Taiwan's President Tsai Ing-wen. (Voice of America/Released)
August 17, 2020

This article was originally published by Radio Free Asia and is reprinted with permission.

Prosecutors in Taiwan on Thursday indicted three former legislative aides for trying to access President Tsai Ing-wen’s medical records for China’s state security police.

Chen Wei-jen, Lee Yi-hsien, and Lin Yung-ta, all former aides at the democratic island’s Legislative Yuan, have been charged with spying and developing a spy network for China.

All three have been released on bail and barred from leaving the country.

All three stand accused of trying to collect and pass on sensitive government information to China’s ministry of state security between 2012 and 2016.

Prosecutors said on Thursday that both Chen and Lin had traveled to Macau in 2012, where they met with a Chinese intelligence officer, identified as Huang Guanlong.

Huang instructed them to set up a spy network in Taiwan and gather information for the Chinese security agency in exchange for financial gain, their indictments said.

While Chen and Lin had previously worked for Kuomintang lawmaker Chen Shu-hui, Lee was a journalist recruited by Huang in the southern Chinese province of Guangdong.

He went on to work as assistant to then KMT lawmaker Chang Li-shan.

Huang wanted them to access information on activities by the banned Falun Gong spiritual movement in Taiwan, President Tsai’s medical records, and the ruling Democratic Progressive Party (DPP)’s forthcoming election campaign.

Apparently, the three agents failed to get hold of the required information, according to prosecutors.

Influence, infiltration fears

The indictments followed further warnings from Tsai that Chinese influence and infiltration could lead to dire consequences, citing the recent national security crackdown imposed by Beijing on Hong Kong.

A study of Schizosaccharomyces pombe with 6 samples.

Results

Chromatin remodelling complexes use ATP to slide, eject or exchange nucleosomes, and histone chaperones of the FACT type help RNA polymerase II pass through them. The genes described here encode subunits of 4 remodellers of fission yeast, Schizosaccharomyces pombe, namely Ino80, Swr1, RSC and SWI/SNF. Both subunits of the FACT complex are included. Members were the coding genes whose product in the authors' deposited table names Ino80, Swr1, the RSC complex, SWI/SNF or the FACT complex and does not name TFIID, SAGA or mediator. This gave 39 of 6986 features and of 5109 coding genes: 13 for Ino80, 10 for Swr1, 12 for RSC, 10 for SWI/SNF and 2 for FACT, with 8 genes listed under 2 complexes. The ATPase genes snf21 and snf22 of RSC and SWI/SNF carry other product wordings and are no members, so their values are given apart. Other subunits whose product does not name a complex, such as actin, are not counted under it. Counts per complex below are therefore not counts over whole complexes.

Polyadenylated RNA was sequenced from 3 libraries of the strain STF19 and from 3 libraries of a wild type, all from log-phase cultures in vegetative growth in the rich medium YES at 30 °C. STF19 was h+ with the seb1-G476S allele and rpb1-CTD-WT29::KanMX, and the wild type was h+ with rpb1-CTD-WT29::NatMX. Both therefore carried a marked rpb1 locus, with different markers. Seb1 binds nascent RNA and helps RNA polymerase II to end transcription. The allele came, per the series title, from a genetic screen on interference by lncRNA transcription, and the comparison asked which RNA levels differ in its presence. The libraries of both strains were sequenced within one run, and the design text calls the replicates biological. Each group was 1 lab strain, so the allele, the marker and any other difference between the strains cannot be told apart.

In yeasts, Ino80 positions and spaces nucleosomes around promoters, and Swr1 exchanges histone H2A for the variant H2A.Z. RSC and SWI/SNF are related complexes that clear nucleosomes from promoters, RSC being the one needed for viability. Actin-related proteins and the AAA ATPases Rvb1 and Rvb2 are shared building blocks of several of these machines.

“We are saddened and alarmed to see [Hong Kong, a] beacon of civil liberties extinguished in violation of the promises Beijing had made to the people of Hong Kong as well as the international community,” Tsai said in a speech to the Washington-based think-tank, the Hudson Institute.

“The measures that have taken place against Hong Kong further exemplify how Taiwan is on the front lines of freedom and democracy,” Tsai said, adding that her administration has made it a priority to protect the island’s own freedom and democracy.

“We recognize the bravery of the people of Hong Kong … We also see the international community as having an obligation to speak out and act against the demise of Hong Kong’s freedoms,” she said.

Tsai said Taiwan’s 23 million people have the right to determine their own future, in spite of threats from Beijing that it could invade if the island refuses its plan of “peaceful unification.”

The island, which has never been ruled by the Chinese Communist Party nor formed part of the People’s Republic of China, has been governed by the 1911 Republic of China since it occupied the island at the end of World War II, ending 50 years of Japanese rule.